Two freshman House lawmakers from different sides of the aisle came together Tuesday to announce the introduction of legislation aimed at improving the identification of quality child care facilities in Pennsylvania.

The bill, introduced by Rep. Tom Mehaffie (R-Dauphin) and Jared Solomon (D-Philadelphia), would require all child care providers in Pennsylvania to list their Keystone STARS (Standards, Training/Professional Development, Assistance, Resources) rating either in the window of their facility or on a publicly accessible website in order to help parents identify quality facilities.

The Keystone STARS program is operated under the state Department of Human Services’ Office of Child Development and Early Education.

Its main function is to rate child care facilities from one to four stars based on the facility’s ability to meet certain benchmarks. Additional stars can be added as facilities achieve new benchmarks and higher ratings in the fields of staff education, the facility’s learning environment, leadership management at the child care facility and family and community partnerships.

This past summer, all licensed child care facilities that meet the state’s health and safety requirements were entered into the Keystone STARS program and facilities not previously participating in the facility-improvement program were started off at the lowest rating of one star.

While it is optional for facilities to post department-made signs showing off their rating, there is no current mandate.

“To help parents and kids with decisions on where to go and what to do with the Keystone STARS program, we thought it should be displayed properly, put on websites and made visible to parents to make that tough decision of where they want to go what they want to do and what daycare they want to put their children in to,” said Mehaffie.

“With this four-star program, by putting it in a window or putting it on a website, I think it gives them an idea what kind of quality daycare they are putting their child in at this point in time.”

Solomon, noting his own upbringing with family-based care led by a hands-on mother who taught special education, said not all families are as informed of what is required to ensure or how to find quality early childhood education for their children.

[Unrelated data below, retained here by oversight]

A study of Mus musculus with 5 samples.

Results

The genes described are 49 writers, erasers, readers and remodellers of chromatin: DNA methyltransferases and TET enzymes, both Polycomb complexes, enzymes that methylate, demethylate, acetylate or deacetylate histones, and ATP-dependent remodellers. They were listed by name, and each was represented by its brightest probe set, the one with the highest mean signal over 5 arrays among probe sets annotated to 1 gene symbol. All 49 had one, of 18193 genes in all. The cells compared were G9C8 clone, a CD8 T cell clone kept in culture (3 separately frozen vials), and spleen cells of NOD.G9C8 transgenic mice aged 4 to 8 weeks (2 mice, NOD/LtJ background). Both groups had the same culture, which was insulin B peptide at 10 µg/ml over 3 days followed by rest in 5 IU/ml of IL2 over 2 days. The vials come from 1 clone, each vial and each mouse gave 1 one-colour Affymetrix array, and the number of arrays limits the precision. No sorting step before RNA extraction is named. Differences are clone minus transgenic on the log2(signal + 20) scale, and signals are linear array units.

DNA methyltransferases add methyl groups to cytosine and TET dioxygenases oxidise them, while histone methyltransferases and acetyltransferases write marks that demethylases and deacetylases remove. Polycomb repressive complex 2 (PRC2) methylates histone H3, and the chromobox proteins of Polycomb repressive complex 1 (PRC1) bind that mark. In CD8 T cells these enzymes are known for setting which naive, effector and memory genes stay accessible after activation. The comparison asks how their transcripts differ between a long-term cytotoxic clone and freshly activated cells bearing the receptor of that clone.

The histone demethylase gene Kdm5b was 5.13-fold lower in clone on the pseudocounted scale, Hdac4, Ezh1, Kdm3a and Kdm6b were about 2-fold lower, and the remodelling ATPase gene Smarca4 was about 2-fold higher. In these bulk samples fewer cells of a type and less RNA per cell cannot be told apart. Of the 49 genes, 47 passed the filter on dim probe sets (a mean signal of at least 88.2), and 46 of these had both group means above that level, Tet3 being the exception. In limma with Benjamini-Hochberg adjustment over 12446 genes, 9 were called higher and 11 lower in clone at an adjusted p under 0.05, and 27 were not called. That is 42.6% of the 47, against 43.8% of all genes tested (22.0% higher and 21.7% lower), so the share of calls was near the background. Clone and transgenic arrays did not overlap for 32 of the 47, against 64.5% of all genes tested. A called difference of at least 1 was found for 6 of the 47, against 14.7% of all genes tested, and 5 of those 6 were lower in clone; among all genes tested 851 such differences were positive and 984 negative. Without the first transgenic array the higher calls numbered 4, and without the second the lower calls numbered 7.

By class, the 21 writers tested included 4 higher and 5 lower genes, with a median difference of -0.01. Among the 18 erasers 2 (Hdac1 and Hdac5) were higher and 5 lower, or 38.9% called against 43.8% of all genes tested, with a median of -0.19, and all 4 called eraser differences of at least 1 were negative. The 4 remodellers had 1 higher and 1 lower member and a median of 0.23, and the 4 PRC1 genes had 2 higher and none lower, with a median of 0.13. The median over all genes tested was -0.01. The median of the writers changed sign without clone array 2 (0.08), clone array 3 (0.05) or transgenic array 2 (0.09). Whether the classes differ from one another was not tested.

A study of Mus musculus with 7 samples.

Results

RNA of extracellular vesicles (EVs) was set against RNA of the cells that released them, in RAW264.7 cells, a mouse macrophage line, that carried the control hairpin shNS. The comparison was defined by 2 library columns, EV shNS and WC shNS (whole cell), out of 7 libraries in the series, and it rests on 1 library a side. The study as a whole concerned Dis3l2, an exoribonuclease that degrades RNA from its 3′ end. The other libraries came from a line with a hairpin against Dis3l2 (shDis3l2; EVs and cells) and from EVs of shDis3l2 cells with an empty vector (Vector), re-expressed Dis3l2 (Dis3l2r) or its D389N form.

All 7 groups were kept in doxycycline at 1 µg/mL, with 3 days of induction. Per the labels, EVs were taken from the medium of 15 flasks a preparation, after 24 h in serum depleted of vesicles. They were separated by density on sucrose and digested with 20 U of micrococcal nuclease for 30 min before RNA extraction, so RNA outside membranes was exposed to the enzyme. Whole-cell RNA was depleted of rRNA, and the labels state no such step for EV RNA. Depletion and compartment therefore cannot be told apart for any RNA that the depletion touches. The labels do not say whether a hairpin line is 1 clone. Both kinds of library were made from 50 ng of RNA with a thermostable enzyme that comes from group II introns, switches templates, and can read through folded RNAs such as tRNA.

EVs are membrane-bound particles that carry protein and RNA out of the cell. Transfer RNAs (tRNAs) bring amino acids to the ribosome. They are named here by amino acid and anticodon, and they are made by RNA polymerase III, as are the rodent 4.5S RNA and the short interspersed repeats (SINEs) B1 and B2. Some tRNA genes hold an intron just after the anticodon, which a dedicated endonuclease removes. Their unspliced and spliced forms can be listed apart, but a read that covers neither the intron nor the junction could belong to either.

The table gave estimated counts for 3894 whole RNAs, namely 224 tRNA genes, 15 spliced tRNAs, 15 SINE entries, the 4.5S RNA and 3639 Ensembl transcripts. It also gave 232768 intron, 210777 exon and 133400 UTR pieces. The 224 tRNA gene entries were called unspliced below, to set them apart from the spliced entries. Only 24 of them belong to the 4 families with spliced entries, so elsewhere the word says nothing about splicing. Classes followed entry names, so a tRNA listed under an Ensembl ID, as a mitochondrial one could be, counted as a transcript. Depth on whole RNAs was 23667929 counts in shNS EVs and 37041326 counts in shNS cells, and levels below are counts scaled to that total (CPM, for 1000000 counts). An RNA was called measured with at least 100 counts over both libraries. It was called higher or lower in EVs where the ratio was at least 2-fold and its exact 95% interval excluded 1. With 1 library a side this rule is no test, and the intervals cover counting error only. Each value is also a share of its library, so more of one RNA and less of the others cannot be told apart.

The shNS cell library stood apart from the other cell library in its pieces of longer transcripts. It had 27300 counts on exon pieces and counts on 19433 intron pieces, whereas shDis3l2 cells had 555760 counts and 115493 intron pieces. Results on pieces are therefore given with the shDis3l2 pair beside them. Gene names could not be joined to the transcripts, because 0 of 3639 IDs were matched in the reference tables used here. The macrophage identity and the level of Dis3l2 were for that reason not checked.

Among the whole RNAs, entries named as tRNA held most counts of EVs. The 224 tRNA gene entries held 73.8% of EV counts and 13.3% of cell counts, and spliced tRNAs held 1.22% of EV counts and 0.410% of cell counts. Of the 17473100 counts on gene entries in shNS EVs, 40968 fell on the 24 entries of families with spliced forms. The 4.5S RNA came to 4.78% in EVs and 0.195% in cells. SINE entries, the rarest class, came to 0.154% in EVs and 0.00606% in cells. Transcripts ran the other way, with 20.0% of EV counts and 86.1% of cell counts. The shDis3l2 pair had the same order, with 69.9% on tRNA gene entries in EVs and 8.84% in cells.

He noted that of the 76 facilities in the Keystone STARS program in his district, only three of them sport the highest rating.

“When a parent is looking for the best option for their child, that’s problematic,” he said. “While convenience and cost are important, quality is critical and that’s where our bill comes in, to specifically focus on that decision of quality of care.”

The two lawmakers noted that the bill has been vetted with key early childhood education stakeholders and, speaking to the merits of the bill, Tyrone Scott of the Delaware Valley Association for the Education of Young Children noted how important the bill’s requirements will be in helping parents decide on an appropriate facility for their child.

“We are not just talking about star ratings; we are talking about people’s children,” he said. “As we talk about informing families, as we talk about providing child care teachers an opportunity to show they are highly qualified, as we talk about providing the general public with this information…it’s important we have something like this.”

The legislation, currently designated as House Bill 1742, was referred to the House Children and Youth Committee in late August.

While the bill has yet to be scheduled for either a hearing or a committee vote, both Mehaffie and Solomon said they have engaged committee chairmen Rep. Kathy Watson (R-Bucks) and Rep. Scott Conklin (D-Centre) about making the issue a priority.

Both of those chairmen are among the bipartisan group of 17 cosponsors of the legislation.

 

Jason Gottesman is the Harrisburg Bureau Chief of The PLS Reporter, a news website dedicated to covering Pennsylvania’s government.